A look back at dark-pool trading in 2011
The following article is an edited excerpt from the year-in-review issues of Rosenblatt Securities’ Let There Be Light reports on dark-pool volumes and trends. Rosenblatt publishes a US and European edition of LTBL each month for its clients. The reports marry often hard-to-obtain volume data for dark pools in both regions with analysis of what is driving activity in these venues.
US Dark Pools: Growth Slowed as Institutions Scrutinized Order-Handling Conflicts
Perhaps the most noticeable and significant development of 2011 for US dark pools was the plateauing of what had been very rapid growth for both non-displayed volumes and market share.
On a full-year basis, the dark pools in our universe[i] captured a larger share of consolidated equity volume in 2011 (12.04%) than in 2010 (11.40%). But their collective average daily volume declined from 966 million shares to 950 million shares[ii] — the first time annual dark-pool ADV declined in the four years we’ve been tracking it (see chart below).
Moreover, the increase in market share on a full-year basis appears to have been driven largely by a strong Q1 and Q2, when monthly market share fluctuated between 12.11% and April’s record-high 13.27%, following a healthy 2H10. Later in 2011, particularly as volatility spiked[iii] from August to November, market share sagged, plunging as low as 10.78% in September. December’s rebound to 12.37%, higher than the full-year 2011 figure, came as volatility fell dramatically, and may signal a return to market-share growth (see chart, next page).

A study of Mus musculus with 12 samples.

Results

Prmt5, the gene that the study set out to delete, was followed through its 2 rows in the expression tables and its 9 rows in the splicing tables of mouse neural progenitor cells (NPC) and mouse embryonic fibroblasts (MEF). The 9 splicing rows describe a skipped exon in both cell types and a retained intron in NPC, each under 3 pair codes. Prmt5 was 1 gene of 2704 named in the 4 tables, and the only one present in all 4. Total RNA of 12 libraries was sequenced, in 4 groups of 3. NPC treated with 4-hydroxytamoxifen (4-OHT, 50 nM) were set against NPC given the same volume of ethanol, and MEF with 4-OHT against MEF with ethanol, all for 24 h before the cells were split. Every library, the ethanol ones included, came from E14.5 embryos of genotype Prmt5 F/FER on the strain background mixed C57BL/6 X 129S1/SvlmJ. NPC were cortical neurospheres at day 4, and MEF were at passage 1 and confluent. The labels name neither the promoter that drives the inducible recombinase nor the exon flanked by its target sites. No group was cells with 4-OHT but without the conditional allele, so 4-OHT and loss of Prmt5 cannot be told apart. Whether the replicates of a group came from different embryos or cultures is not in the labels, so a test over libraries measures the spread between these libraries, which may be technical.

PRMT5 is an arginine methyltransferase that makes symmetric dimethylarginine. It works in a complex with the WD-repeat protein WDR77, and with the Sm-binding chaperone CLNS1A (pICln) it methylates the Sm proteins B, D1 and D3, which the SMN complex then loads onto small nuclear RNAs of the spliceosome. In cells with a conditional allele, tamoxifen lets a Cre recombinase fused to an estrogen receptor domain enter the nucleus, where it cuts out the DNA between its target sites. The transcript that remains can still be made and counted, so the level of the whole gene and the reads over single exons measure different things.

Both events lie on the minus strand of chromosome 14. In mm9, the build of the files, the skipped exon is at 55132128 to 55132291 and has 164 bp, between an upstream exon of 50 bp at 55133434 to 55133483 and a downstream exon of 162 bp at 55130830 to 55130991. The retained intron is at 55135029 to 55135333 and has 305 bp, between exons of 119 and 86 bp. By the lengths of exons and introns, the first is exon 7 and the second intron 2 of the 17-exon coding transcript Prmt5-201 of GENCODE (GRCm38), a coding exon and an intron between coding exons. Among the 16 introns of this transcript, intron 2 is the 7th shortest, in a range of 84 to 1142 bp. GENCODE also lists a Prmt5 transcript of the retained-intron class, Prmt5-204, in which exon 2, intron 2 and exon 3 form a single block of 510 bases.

Still, it seems clear that the brisk expansion seen during much of 2008-2010 — which was driven in large part by the formation of new venues, increased adoption of algorithms by buy-side traders and structural changes implemented by big brokers — is very much a thing of the past. Dark pools in the US clearly have entered a more mature phase, during which secular market-share growth has slowed.
[i] Our US universe consists of 19 venues, which we believe execute the vast majority of dark-pool volume. We estimate that an additional 1.5% of consolidated US equity volume is executed by dark pools that decline to share their data with us. Importantly, our dark-pool universe does not include other off-exchange volume, such as retail orders executed as principal by market makers, which can account for another 15-18% of US volume, depending on market conditions.
[ii] All dark-pool volumes referenced in this article are single counted and exclude shares routed away for execution on other venues.
[iii] We have long observed an inverse relationship between the market share of US dark pools and volatility, as represented by the VIX average daily closing value. This has been particularly pronounced since mid-2009, as the worst of the global financial crisis (and the extreme volatility levels associated with it) abated. We believe that traders avoid dark markets during volatile times for a number of reasons, including greater urgency to “get done” by removing displayed liquidity and greater faith in the more-robust matching-engine technology of displayed markets.